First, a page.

New Product From Jazz’s Jammy Left Field: Charlie Hunter, Marco Benevento
We’re not going to waste your time with jokes about patchouli oil or Bonnaroo: Marco Benevento and Charlie Hunter, two jazz-trained players who have no qualms with pop, have new or forthcoming product worth seeking out.
For Benevento fans there’s Marco Benevento & Friends—Live in NYC: The Sullivan Hall Residency, a DVD released yesterday on the Royal Potato Family label. The concert film, directed by Karina Mackenzie for Shine a Light Productions, includes highlights from Benevento’s January 2008 residency at Sullivan Hall in NYC’s Greenwich Village. For five Thursdays, the Brooklyn-based keyboardist arranged collaborations with a who’s who of jazz-minded folks from the downtown and jam-band scenes. Featured players include drummer Joe Russo, Benevento’s partner in his popular Duo; and bassist Reed Mathis and drummer Andrew Barr, members of his working trio. Other guests include drummers Billy Martin, Bobby Previte and G. Calvin Weston; saxophonists Skerik and John Ellis; guitarists David “Fuze” Fiuczynski, Brad Barr and Kaki King; bassist Marc Friedman and slide trumpeter Steven Bernstein. To check out the trailer click here; for a clip of Benevento locked into hefty riffs with Russo and Brad Barr on “Megafauna,” go here. Benevento, Skerik and Moore can also be heard on Power Patriot (Mega Force), the recently released full-length from Garage a Trois.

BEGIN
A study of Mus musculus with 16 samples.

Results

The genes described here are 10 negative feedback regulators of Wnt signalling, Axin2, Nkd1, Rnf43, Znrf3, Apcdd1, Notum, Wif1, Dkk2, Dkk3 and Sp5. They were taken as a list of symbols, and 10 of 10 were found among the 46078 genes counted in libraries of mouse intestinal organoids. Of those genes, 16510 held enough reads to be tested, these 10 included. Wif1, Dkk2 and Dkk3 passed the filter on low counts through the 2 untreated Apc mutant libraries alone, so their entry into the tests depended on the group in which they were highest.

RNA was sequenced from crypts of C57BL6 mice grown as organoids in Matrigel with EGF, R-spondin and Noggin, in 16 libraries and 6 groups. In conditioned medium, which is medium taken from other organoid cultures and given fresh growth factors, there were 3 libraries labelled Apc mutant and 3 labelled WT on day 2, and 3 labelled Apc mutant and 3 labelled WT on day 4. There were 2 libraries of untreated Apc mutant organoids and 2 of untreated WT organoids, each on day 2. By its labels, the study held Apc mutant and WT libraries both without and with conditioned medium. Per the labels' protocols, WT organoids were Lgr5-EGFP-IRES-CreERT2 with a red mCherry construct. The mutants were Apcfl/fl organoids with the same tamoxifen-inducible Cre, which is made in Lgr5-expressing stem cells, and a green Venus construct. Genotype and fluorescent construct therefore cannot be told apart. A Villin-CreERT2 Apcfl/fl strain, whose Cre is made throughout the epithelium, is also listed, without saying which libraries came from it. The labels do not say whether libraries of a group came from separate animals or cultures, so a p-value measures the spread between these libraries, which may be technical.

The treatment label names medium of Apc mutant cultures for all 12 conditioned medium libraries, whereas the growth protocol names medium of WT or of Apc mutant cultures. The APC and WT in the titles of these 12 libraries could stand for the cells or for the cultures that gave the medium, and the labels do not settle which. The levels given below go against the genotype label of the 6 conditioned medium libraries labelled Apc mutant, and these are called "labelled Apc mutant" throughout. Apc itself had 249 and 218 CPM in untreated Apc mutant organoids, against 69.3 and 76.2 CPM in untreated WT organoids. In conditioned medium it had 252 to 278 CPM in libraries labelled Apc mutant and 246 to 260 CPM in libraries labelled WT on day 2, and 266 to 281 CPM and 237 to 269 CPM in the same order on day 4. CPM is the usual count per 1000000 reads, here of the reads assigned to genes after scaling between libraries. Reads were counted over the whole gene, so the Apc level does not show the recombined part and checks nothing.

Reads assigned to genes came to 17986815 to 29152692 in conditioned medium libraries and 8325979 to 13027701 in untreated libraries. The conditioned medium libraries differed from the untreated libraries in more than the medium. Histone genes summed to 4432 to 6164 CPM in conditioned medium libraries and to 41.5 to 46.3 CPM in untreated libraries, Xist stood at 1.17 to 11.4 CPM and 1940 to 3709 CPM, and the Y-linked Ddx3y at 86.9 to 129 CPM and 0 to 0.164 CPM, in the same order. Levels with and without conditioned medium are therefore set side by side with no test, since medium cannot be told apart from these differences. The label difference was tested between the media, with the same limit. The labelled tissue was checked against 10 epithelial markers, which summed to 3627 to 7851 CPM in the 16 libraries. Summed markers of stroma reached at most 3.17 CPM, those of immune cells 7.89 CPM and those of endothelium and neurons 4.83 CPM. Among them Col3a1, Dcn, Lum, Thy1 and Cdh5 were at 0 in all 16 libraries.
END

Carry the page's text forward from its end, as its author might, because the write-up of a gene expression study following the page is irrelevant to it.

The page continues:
On Jan. 12, seven- and eight-string guitarist Charlie Hunter will release Gentlemen, I Neglected to Inform You You Will Not Be Getting Paid on his Spire Artist Media label. (The album will be available in brick-and-mortar retailers on that date and online at reapandsow.com.) Inspired in part by Lester Bowie’s Brass Fantasy, and following recent brass-heavy projects led by Dave Douglas and Roswell Rudd, Hunter has enlisted a groove-savvy lineup including trombonist Curtis Fowlkes, trombonist Alan Ferber, trumpeter Eric Biondo and drummer Eric Kalb. After previewing the record this afternoon, we can safely say longtime Hunter devotees should be thrilled. It’s a great-sounding recording, with streamlined analog production that’s squeaky clean without being sterile—there’s a terrifically organic, old-school vibe to this one. The album follows last year’s more electronic Baboon Strength with keyboardist Erik Deutsch and drummer Tony Mason, and, with a beautifully empathetic horn section, it underscores Hunter’s strengths: pop melodicism, postbop improvisation, an innate feel for R&B and funk, and convincing hard-blues technique. Hunter will surely pull some of the new tunes out early next year at Rose Live Music in Brooklyn, where he starts a four-week Tuesday night residency on Jan. 5. For more information on Hunter, visit his official site. For more on Rose Live Music, go here.